What Is Net Premiums Written?

Net premiums written is the sum of premiums written by an insurance company over the course of a period of time, less premiums ceded to reinsurance companies, plus any reinsurance assumed. Net premiums written represents how much of the premiums the company gets to keep for assuming risk.

Net Premiums Written Explained

Looking at changes to net premiums written from year to year is one way to gauge the health of an insurance company. 

The health of an insurance company depends on the types of policies and the risks associated with those policies. An increase in net premiums written represents an increase in new insurance policies written, while a decrease indicates fewer policies originated. Decreases in net premiums written could be the result of competitors entering the market and taking up market share, or it could be because premiums are not competitive with what other companies are offering. Companies that offer policies to a larger pool of people may reduce the possibility of declines.

Insurance companies may receive premiums in one payment upfront, but they may also offer installment plans to policyholders. Installment plans provide the insurance company with premiums over the course of the year, which are accounted for differently when determining how much revenue the insurance company brings in. As policyholders using installment plans make payments, a company categorizes these as net earned premiums. When determining an insurance company’s tax liability, a state may allow discounts for premiums that are ceded to reinsurance companies, or premiums that are owed but not yet received.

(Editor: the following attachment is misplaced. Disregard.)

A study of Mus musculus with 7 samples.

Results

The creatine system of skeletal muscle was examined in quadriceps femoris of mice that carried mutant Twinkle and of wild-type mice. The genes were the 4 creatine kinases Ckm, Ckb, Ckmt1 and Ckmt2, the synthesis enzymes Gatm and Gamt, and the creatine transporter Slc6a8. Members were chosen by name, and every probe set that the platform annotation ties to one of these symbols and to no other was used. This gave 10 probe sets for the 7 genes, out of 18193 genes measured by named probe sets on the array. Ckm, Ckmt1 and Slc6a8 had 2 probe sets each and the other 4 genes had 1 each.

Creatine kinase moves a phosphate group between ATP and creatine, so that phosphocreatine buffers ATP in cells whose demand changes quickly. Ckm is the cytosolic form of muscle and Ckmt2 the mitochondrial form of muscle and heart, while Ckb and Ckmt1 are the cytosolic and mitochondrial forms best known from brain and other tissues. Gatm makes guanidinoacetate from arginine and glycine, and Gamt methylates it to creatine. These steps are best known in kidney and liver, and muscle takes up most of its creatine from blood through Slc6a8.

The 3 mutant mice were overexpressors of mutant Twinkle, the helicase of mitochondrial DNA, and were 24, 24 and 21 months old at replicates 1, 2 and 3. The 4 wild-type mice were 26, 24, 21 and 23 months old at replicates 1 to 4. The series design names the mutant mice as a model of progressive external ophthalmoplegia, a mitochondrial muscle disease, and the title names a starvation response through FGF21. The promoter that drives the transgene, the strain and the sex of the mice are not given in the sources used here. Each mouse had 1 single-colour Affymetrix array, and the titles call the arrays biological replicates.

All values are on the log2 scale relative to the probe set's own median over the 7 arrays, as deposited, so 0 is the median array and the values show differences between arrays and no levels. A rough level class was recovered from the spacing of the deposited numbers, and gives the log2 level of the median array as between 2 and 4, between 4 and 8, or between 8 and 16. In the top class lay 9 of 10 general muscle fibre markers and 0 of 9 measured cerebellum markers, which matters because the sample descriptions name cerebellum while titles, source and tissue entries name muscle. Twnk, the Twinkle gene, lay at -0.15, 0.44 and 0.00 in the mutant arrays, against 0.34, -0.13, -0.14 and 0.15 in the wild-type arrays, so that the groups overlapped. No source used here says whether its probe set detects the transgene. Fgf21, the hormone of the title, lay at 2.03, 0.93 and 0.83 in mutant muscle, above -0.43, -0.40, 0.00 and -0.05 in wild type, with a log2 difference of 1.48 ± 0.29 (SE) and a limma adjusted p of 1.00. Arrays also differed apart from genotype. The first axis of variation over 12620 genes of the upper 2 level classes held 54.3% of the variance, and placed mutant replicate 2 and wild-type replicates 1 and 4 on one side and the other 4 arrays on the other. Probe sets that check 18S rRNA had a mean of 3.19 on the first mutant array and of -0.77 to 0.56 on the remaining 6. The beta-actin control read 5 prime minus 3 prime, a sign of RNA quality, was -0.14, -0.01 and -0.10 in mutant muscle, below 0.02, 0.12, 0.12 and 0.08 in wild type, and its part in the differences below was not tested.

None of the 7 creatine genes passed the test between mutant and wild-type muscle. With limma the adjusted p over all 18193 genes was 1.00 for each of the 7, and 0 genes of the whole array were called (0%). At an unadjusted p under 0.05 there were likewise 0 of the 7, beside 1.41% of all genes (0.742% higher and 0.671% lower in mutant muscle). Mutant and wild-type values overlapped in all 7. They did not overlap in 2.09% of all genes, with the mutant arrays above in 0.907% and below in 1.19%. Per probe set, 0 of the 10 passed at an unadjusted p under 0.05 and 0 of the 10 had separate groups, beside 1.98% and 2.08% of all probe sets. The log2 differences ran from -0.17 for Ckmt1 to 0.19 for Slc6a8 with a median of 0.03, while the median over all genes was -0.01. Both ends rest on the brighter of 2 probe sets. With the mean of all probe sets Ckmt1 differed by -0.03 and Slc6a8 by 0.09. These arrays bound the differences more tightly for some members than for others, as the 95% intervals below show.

Adjusting for liabilities associated with unearned premiums over the course of a year is called net premiums earned. If a company is able to write more premiums over the course of the year, its written premiums will exceed its earned premiums. To adjust for this the company sets up new premiums representing any unexpired terms.

The Net Premium Calculation

Since the net premium calculation does not take into account expenses, companies must determine the amount of expenses that can be added without causing a loss. Types of expenses that a company must take into account include commissions paid to agents who sell the policies, legal expenses associated with settlements, salaries, taxes, clerical expense and other general expenses. Commissions typically vary with the policy’s premium, while general and legal expenses may not be tied to the premium.

The calculated difference between net premium and gross premium equals the expected present value of expense loadings, less the expected present value of future expenses. Thus, a policy’s gross value will be less than its net value when the value of future expenses is less than the present value of those expense loadings.